Children Dancing For ParentsCompetitive Dancing

Open choreography- silent killer of dance!

Open vs closed choreography ballroom latin smooth blog article by marcin raczynski

“Basic steps are boring and I saw this move on YouTube that a pro couple did. Can we put it in our choreography?”

This is a very common request I hear and I’m sure it crossed your mind too 😉 So when should you dance “open” choreography to make you look good actually?

We know there are two main levels to dance:

a. closed choreography (restricted syllabus steps)

b. open choreography (non-restricted steps)

When you start dancing, you learn the basics and over time progress through levels (bronze, silver, gold etc). The idea is to learn principles of dancing so the better you become, you’re able to apply the same rules to more advanced figures. But does it actually happen? Well…

Open vs closed choreography ballroom latin smooth blog article by marcin raczynski

I have just come back from an international pro-am competition. I always like to watch other students with their teachers. One thing immediately struck me and that was the choreography of most of the dancers. What was wrong with it? Well, the dancers’ driving ability was at a “fiat” level, trying to drive a “formula 1”. You can just imagine the consequences.

In an over 60 open latin category, a lady fell on her back in a cha cha cha. Looked dangerous! Who’s fault was it? Well- I blame the teacher! Because how can you give a dancer of modest proficiency, steps that a pro would perform. You know, you will end up with a mediocre performance (at best) and the student will not dance but just try to “survive”. It’s painful to watch and if someone says it’s good, they’re probably just being nice.

Open vs closed choreography ballroom latin smooth blog article by marcin raczynski

Ok- I am sure you get the message. So what can you do about it as a student?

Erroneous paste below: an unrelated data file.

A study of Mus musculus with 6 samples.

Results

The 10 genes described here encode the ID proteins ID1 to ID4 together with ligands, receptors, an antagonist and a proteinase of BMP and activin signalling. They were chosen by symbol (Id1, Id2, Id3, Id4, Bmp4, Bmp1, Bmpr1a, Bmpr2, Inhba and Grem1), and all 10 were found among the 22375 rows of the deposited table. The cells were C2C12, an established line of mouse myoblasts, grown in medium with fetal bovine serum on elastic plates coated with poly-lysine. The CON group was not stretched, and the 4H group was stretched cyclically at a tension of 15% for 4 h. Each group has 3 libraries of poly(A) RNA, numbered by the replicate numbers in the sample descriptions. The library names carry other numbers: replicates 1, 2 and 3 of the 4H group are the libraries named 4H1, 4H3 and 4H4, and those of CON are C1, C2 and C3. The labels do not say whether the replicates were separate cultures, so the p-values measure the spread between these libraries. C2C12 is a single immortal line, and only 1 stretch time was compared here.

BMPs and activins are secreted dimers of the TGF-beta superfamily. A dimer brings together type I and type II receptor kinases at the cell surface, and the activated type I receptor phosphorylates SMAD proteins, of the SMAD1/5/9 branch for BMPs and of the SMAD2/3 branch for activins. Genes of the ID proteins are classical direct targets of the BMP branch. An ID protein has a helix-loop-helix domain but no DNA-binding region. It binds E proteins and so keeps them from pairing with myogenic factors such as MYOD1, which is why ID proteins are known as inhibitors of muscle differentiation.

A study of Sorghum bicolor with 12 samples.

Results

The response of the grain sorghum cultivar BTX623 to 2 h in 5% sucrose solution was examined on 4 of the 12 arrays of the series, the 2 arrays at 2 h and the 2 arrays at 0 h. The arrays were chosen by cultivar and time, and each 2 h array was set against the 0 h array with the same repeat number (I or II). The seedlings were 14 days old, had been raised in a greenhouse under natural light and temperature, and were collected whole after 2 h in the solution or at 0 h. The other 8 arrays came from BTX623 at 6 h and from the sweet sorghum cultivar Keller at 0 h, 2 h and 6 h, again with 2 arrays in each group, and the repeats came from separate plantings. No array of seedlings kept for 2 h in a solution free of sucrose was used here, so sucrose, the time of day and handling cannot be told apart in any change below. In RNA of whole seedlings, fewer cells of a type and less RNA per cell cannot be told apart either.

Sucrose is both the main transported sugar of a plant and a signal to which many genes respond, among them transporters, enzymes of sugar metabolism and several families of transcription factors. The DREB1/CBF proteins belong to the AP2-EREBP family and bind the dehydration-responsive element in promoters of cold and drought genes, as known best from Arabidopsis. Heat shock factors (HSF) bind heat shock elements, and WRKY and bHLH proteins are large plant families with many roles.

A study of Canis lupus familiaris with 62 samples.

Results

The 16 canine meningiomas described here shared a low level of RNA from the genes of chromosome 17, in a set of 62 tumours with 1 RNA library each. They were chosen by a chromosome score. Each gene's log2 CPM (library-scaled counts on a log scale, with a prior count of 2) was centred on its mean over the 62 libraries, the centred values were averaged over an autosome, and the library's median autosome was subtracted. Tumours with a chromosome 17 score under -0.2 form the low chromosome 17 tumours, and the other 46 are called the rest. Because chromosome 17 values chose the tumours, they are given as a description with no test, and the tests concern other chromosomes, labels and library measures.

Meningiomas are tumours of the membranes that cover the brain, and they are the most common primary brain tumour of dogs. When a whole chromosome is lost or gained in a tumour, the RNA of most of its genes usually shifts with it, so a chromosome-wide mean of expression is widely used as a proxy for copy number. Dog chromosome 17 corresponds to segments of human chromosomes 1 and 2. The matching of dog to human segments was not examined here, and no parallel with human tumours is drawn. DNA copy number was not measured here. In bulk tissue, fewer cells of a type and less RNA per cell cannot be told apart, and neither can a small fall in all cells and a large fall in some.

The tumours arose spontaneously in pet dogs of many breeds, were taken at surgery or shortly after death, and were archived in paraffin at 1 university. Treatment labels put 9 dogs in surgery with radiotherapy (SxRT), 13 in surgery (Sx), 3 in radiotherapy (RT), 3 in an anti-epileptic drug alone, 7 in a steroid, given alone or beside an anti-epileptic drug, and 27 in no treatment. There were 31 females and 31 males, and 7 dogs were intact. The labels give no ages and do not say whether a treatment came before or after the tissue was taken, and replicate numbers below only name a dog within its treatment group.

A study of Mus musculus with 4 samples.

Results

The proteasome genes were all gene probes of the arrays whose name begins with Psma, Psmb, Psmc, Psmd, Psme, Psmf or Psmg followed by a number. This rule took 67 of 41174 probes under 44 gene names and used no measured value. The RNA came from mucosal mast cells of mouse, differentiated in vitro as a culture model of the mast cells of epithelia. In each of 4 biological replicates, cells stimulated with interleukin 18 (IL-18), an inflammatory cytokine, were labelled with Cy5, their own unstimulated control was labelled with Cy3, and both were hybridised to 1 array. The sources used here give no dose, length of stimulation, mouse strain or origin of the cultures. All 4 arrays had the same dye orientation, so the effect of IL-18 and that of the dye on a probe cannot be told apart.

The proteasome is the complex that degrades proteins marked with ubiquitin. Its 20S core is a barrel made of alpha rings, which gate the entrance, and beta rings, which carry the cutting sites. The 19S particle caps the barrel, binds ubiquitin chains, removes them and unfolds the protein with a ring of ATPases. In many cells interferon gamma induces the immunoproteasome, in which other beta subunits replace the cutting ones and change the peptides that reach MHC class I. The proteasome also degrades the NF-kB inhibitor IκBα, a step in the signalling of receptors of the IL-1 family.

1. YouTube is there to inspire you to become better by watching other dancers performing. But if you try to learn from it, you will need a solid background first and a good teacher to adjust it to your ability.
  2. Open choreographies have levels too. So if you’re a gold level student and dying to start open, your teacher can use the steps you already know and elevate them to the open level (even changing the timing makes it open). This way you will still dance within your level of ability rather than dive from a basic step to a “split and a cart wheel”. Do you get my point?
  3. If you know your samba whisks are amazing or oversway in smooth has so much control, why get rid off it for the sake of some fancy figure? Your teacher should always put your best points in the choreography. So do you want to deliver a strong performance with good balance or look like Bambi on ice?
  4. Even though you may have an open choreography, it doesn’t mean you’re gonna win a competition. In fact, many dancers look weaker in open choreography than closed. Why? Because they rely on tricks and lines which actually are not judged. It’s the basic steps, flow of movement, connection and posture that will give you marks at a competition. Think about it and read more “The Important Skill of Every Dancer”.
  5. Quality is in the basic steps! Recently in Los Angeles an open level pro-am smooth couple danced a full circle around the dance floor using only Natural Turns in Viennese Waltz- no tricks, no breaks, just flow and connection. And yes, they won. Thoughts?

I cannot stress enough how important it is to work with a teacher that will guide you through your individual dancing so you actually develop a skill and become a dancer. Not every great dancer is a great teacher and creating a choreography is a skill to show off the best assets of a dancer, rather than just putting random steps together, simply because “it’s time to do open choreography”…

So enjoy the journey and invest time in your basics!

Open vs closed choreography ballroom latin smooth blog article by marcin raczynski

Recently, I also wrote an article about American Smooth in Europe and the syllabus steps. You can find it HERE.

Please leave a comment below and let me know your thoughts.